Late Friday night, the United States Supreme Court delivered a blow to some of California Gov. Gavin Newsom's (D) Wuhan coronavirus restrictions. In a 6-3 decision, the high court ruled that the state can't outright ban indoor church services but they be capped at 25 percent capacity. The state's ban on singing and chanting indoors can also remain in effect.
The restrictions were put in place as part of the Golden State's response to the coronavirus pandemic. Each area of the state was put in tiers depending on the transmission rate in a county. Those counties that were in the purple tier – the most restrictive tier because of its weekly transmission rate – were previously banned from operating "non-essential indoor business operations."
The South Bay United Pentecostal Church brought forth the lawsuit, saying the state's restrictions violated the First Amendment
“California’s shoppers are entitled to indoor, climate-controlled spaces, but not California’s worshipers,” the church's lawyers wrote in the court filing.
Roberts made the argument that the state overlooked First Amendment protections.
“The state’s present determination — that the maximum number of adherents who can safely worship in the most cavernous cathedral is zero — appears to reflect not expertise or discretion, but instead insufficient appreciation or consideration of the interests at stake,” Chief Justice John Roberts wrote in his concurring opinion.
Justice Amy Coney Barrett said the ban on singing indoors can remain in effect because it's unclear whether or not church worshippers are being targeted or if the rule applies across the board.
"As the case comes to us, it remains unclear whether the singing ban applies across the board (and thus constitutes a neutral and generally applicable law) or else favors certain sectors (and thus triggers more searching review)," Barrett wrote in her concurring opinion. "Of course, if a chorister can sing in a Hollywood studio but not in her church, California's regulations cannot be viewed as neutral. But the record is uncertain, and the decisions below unfortunately shed little light on the issue."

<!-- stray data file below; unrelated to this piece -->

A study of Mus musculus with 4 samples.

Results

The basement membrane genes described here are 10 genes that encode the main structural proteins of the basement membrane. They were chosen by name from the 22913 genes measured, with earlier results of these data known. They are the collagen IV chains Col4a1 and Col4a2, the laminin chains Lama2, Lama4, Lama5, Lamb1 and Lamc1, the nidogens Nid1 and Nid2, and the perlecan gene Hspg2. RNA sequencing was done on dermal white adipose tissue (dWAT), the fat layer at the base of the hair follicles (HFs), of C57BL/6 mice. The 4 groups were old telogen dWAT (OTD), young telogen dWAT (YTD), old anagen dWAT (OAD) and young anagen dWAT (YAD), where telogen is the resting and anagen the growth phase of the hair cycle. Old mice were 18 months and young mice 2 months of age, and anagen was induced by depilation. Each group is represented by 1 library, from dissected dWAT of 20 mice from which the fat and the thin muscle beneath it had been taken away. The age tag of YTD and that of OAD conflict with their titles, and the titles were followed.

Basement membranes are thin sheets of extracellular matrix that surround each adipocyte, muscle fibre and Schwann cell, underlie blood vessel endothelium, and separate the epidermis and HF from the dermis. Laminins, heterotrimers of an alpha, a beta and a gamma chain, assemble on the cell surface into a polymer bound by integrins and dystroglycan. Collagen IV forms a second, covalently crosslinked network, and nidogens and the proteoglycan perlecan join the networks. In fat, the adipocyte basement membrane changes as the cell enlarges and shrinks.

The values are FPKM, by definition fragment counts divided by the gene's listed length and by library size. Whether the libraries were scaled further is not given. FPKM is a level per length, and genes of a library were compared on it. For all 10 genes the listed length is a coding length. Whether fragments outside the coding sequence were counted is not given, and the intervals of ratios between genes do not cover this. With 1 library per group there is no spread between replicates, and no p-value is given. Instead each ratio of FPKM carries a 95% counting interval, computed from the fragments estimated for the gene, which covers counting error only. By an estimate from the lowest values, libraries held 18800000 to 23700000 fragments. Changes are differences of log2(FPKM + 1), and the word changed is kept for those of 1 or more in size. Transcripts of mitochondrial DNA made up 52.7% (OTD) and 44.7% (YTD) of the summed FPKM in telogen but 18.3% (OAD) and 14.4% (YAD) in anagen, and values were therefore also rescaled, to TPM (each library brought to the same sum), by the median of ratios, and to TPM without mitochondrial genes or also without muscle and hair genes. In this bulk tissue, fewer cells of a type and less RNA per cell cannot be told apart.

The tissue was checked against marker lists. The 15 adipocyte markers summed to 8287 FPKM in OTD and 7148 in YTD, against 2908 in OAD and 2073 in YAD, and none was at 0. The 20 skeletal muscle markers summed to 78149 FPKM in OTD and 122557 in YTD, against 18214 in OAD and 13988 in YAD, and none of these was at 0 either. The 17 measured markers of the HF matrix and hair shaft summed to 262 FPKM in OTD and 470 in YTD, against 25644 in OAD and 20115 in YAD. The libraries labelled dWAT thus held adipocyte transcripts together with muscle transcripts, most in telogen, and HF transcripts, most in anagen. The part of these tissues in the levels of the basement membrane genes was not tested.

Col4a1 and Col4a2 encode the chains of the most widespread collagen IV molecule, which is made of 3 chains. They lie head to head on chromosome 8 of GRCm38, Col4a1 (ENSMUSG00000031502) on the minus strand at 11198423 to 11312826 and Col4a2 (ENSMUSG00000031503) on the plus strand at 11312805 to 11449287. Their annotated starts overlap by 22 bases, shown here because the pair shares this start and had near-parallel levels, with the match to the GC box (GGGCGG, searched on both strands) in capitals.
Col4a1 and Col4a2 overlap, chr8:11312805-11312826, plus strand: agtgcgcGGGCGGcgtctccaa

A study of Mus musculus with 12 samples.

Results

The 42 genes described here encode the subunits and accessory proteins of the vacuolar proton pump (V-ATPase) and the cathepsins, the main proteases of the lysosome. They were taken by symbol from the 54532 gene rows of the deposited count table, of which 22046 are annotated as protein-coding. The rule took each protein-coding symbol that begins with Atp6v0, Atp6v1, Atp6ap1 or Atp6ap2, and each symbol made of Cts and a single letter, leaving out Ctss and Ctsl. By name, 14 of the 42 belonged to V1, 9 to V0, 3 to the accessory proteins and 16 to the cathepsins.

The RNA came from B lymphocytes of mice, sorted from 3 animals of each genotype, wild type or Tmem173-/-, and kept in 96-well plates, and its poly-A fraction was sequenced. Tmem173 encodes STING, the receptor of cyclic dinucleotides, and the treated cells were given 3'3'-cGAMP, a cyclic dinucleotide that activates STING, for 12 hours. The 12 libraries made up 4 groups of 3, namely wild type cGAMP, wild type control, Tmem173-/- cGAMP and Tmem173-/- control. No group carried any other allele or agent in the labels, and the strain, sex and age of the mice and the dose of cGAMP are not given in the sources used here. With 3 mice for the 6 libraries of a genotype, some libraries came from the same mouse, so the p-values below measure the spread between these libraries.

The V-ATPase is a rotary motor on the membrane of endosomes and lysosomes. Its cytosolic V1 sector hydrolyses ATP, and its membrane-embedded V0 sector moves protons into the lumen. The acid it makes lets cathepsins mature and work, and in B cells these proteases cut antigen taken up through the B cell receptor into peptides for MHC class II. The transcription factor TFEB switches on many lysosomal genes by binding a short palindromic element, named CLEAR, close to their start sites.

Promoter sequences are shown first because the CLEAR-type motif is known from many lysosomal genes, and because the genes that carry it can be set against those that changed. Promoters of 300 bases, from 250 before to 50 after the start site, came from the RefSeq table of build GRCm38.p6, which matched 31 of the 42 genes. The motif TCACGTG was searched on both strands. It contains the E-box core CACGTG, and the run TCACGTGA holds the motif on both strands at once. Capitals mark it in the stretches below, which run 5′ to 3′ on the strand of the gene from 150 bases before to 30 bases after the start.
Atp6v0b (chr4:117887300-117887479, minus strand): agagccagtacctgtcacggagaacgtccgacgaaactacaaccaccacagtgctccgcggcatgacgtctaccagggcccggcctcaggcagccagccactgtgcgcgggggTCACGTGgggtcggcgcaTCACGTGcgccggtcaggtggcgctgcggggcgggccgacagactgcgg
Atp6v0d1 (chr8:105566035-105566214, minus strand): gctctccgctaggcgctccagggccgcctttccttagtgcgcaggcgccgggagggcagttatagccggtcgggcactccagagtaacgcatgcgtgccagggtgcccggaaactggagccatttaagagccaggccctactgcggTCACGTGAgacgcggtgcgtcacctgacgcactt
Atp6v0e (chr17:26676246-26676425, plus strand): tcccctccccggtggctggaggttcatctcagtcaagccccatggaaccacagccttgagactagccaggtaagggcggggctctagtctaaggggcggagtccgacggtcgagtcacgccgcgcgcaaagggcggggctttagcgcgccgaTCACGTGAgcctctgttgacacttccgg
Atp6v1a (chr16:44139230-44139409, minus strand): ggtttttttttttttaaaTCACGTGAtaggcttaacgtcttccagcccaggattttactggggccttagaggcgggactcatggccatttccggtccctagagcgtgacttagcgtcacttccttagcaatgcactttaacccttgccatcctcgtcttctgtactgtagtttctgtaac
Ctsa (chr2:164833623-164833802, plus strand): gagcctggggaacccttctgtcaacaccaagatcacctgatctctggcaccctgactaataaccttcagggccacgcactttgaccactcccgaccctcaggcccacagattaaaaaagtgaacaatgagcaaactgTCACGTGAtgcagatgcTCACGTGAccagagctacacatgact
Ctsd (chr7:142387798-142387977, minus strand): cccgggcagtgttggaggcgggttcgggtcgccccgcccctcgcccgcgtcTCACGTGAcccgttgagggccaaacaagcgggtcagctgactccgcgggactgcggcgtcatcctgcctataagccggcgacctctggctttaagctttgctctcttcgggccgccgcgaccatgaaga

The liberal justices on the court dissented, saying the Supreme Court's actions are effectively "worsening the pandemic" by "making a special exception for worship services." Justice Elena Kagan argued that the court isn't looking at church services in the same way as other activities where a large gathering takes place "in close proximity for extended periods of time."
“I fervently hope that the Court’s intervention will not worsen the Nation’s COVID crisis. But if this decision causes suffering, we will not pay. Our marble halls are now closed to the public, and our life tenure forever insulates us from responsibility for our errors. That would seem good reason to avoid disrupting a State’s pandemic response. But the Court forges ahead regardless, insisting that science-based policy yield to judicial edict,” Kagan wrote in the dissenting opinion.
The church's attorney, Charles LiMandri, said he and his clients were "heartened by this order" and thanked the Supreme Court for "upholding religious liberty."
As it currently stands, 99.9 percent of California is under purple tier restrictions.